With a title so rock and roll, a book can only be fabulous, and is certainly what Paint it, Black by Jolanda Bos is. In this study, she zooms in on one of the most well-known objects from the Arab world and beyond: kohl containers. Kohl, kajal or surma is widely used to decorate eyes and eyelids. This practice dates back millennia; some of the oldest kohl containers come from ancient Egypt. Surprisingly enough however, no study into these items exited until now.
Kohl containers vary in size, shape and materials used throughout the regio under study in this book. By comparing their decoration and execution to that of other elements of costume and dress, it becomes possible to see where in the personal sphere these items belonged. In some countries, they are clearly at home in the realm of adornment and jewellery, while in other countries their place is more among dress and clothing. Associations like these tell us more about the values attached to these objects.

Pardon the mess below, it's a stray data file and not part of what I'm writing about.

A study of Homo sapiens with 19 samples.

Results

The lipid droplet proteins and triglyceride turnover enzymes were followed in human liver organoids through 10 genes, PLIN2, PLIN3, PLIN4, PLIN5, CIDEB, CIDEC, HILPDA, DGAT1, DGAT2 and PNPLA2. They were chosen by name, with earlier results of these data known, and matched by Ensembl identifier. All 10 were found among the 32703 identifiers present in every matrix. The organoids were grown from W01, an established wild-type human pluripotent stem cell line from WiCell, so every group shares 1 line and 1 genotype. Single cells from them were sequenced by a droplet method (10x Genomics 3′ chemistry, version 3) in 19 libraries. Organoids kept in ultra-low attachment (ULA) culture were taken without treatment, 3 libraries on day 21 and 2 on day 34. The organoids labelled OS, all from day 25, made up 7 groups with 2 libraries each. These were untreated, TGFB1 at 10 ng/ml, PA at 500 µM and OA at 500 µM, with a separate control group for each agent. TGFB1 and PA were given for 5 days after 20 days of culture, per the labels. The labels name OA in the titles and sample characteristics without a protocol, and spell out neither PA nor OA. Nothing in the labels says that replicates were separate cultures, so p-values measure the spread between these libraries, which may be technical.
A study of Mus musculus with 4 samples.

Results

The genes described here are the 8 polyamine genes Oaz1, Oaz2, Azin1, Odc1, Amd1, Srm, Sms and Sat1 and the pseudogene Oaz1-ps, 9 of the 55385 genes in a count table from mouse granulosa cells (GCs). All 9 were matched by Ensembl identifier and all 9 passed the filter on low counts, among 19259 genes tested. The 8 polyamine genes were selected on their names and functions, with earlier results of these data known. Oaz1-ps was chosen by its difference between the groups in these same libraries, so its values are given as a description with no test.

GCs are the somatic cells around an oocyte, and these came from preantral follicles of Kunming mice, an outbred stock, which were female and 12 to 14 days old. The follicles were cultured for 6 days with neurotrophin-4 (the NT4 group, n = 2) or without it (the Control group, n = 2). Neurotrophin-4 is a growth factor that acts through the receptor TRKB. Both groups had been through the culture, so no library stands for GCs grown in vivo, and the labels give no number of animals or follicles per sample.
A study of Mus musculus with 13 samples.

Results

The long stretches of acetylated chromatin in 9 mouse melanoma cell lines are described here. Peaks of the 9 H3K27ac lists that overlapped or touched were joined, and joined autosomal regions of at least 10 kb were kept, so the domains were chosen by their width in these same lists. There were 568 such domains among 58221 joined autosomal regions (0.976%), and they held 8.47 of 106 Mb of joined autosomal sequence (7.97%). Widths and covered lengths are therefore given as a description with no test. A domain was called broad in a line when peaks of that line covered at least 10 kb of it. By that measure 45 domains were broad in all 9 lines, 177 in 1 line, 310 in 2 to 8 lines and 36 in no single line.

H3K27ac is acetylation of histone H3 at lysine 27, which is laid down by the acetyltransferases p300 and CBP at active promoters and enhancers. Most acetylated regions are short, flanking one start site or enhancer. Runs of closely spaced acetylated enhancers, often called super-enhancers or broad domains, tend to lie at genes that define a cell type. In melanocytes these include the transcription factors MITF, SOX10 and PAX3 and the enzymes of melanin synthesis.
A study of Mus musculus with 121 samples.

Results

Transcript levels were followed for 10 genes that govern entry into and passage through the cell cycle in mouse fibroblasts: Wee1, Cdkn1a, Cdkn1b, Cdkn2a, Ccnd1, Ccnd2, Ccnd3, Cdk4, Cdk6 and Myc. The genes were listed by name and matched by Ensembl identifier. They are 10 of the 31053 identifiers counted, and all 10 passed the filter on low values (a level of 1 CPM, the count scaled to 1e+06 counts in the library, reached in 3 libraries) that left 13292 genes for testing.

These values in turn are manifold. Throughout the book, their social and ritual values are presented and illustrated, but also their economical and technological values. In some countries, the containers are used in wedding rituals and as such imply a deeper meaning than just a container for make-up. This deeper level of meaning is also apparent in the many archaeological objects shown in the book, where protection and status were values closely connected to seemingly everyday utensils.
Beautifully illustrated and with a catalogue of over 30 objects, this book presents a unique overview of the history and use of kohl containers. I especially liked the intermittent 'kohl stories', in which an aspect of kohl (ancient and modern) is highlighted. This hardcover book will embellish your ethnographical library!
The book is a gift from the publisher.